So, ideally, all we want to define here is the unique device identifier specifications with following properties..

  1. It should be unique for life long under that device category (e.g. all iOS devices). So, things like Factory Reset etc shouldn't change the device identifier.
  2. It shouldn't be easy to spoof the identifier. E.g. you can a software tool on device & the you reinstall the app, the identifier the app sends back gets changed.
  3. The underlying platform provide API(s) to retrieve the necessary information mentioned under specifications. That is, no private APIs etc because the apps would be deployed through open markets (App store etc).
  4. The specification should be globally true since the solution is worldwide. Hence, the law of all the countries should be honored.
  5. Please note, the solution would like to target all the devices of platforms; not just SIM based mobile phones but even non-SIM based mobile devices (ipod touch, ipad). [So, unique IMEI numbers are not there on non-SIM mobile devices but apps can be installed on them]

Looking forward to innovative brains to discuss this.

Thanks for reading this.


up vote 2 down vote accepted

You're fighting a losing battle 'trusting' the device to give you a consistent unique ID, any jailbroken iOS device allows you to change the UDID, I'm sure thats the case with Android (and probably windows phone too), MAC addresses are useless as they can be changed in software.

Even things like IMEI and IMSI can be faked. The 'best' solution would be to have a login server side where you (the trusted party) can set properties on the users account.

Trusting the other side to give you either consistent or 'non-fraudulent' information is a recipe for disaster, and if you are 'giving away rewards' as you say, it'll be a costly disaster.

Revise your business case.

    
The point is, the original poster was assuming the device would give the correct IMEI or IMSI since he can't physically verify the IMEI/IMSI on the devices vs what the device has sent it cannot be trusted to be valid. So absolutely if you expect & trust the device (or any third party) to give you valid information then you have built your product incorrectly. –  Tony Million Apr 4 '12 at 7:22
    
The IMEI is something that the device would give you, however IMSI would be queried from the SIM. I'm aware of ways to edit the IMEI, which would overwrite the stored value on the handset firmware, but IMSI is something that the network assigns to the SIM and it is pretty much impossible to override. –  Yusufk Apr 4 '12 at 8:47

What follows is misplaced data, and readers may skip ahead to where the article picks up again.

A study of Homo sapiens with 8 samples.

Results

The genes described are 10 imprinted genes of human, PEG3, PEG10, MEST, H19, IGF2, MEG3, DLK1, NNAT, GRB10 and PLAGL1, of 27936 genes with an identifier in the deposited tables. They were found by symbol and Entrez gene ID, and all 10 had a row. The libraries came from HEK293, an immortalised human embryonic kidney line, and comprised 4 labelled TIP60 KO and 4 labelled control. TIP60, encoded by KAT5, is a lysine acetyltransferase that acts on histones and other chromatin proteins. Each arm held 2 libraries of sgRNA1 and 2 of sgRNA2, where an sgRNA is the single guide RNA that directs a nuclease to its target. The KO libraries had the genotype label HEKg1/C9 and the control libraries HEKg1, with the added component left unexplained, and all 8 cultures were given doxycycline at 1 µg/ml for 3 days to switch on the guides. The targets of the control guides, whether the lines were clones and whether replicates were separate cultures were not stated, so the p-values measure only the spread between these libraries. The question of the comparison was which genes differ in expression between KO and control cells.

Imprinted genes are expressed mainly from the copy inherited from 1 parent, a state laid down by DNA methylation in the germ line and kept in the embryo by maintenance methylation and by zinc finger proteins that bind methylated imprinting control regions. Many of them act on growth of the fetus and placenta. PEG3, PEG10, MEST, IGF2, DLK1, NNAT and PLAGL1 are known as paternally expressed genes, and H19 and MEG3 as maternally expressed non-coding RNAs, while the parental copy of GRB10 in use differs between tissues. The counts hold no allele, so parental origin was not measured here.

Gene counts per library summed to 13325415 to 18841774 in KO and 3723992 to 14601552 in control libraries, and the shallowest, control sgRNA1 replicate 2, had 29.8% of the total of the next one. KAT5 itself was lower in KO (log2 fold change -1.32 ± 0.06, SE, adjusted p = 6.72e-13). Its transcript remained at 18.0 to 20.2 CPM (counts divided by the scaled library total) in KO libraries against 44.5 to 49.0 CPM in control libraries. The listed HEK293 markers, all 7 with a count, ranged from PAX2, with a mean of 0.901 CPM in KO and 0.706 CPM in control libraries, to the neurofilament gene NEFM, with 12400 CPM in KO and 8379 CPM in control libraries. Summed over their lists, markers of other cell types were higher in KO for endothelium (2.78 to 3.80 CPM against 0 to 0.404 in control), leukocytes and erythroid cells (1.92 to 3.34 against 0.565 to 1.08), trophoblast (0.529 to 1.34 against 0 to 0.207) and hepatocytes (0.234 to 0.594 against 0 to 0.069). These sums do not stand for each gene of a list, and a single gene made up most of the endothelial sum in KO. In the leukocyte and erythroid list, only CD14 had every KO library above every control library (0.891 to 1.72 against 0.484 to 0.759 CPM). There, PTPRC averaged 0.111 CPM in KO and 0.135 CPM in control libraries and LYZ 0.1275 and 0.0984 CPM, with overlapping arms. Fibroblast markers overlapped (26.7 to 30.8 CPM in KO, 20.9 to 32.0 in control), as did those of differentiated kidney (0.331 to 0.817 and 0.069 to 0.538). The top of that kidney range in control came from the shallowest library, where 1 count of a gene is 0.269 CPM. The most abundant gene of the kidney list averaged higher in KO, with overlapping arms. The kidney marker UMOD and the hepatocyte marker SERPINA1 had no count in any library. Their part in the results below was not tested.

3  
I know how it works… my point was that if you are trusting the device to give you this information in an API call then your API is fundamentally wrong. Wether it is faked in hardware, or by replacing the values in the API call, is irrelevant. (which, by the way, was the point of the question) So thanks for the down vote. –  Tony Million Apr 4 '12 at 12:26
    
If you edit the answer, I'll remove the down vote... (vote locked) –  Yusufk Apr 4 '12 at 13:08

For Windows Phone 7 device unique id can be accessed via DeviceExtendedProperties class:

object DeviceUniqueID; 
byte[] DeviceIDbyte=null;    
if (DeviceExtendedProperties.TryGetValue("DeviceUniqueId", out DeviceUniqueID))  
DeviceIDbyte = (byte[])DeviceUniqueID;   
string DeviceID = Convert.ToBase64String(DeviceIDbyte);  
MessageBox.Show(DeviceID);

Description from msdn: A unique hash for the device. This value will be constant across all applications and will not change if the phone is updated with a new version of the operating system.



With Android, devices with SIMs generally have a unique ID, but it's not always available (e.g. SIM-less devices) and Google's guidance is to create your own unique ID. You could send it to cloud storage so it's always there. http://developer.android.com/guide/topics/data/backup.html

Another alternative with Android is to request account access permissions in your app, and access the user's Google account name, i.e. their gmail address. You could use their gmail email account (used for Android Market etc) as a form of identifier. This has the benefit of working across all their devices, e.g. if someone has a phone and two Android tablets, they can be identified as one person.

    AccountManager accountManager = AccountManager.get(myApplication);
    Account[] accounts = accountManager.getAccountsByType("com.google");
    String gmailEmail = accounts[0].name.trim();

I think it would have been better to ask a question for each platform as the answers are almost entirely platform-specific.

    
The problem you will come across is that there is no way to get a device id that is guaranteed to work. android-developers.blogspot.com/2011/03/… –  Ollie C Mar 3 '12 at 8:55

There are different ways to identify a device. For mobile phones, generally, the International Mobile Equipment Identity or IMEI is the first thing to be considered. For newer phones, there is also the Mobile Equipment Identifier or MEID. For iOS devices, including the non-mobile phone devices like the iPod, there is the Unique Device ID or UDID.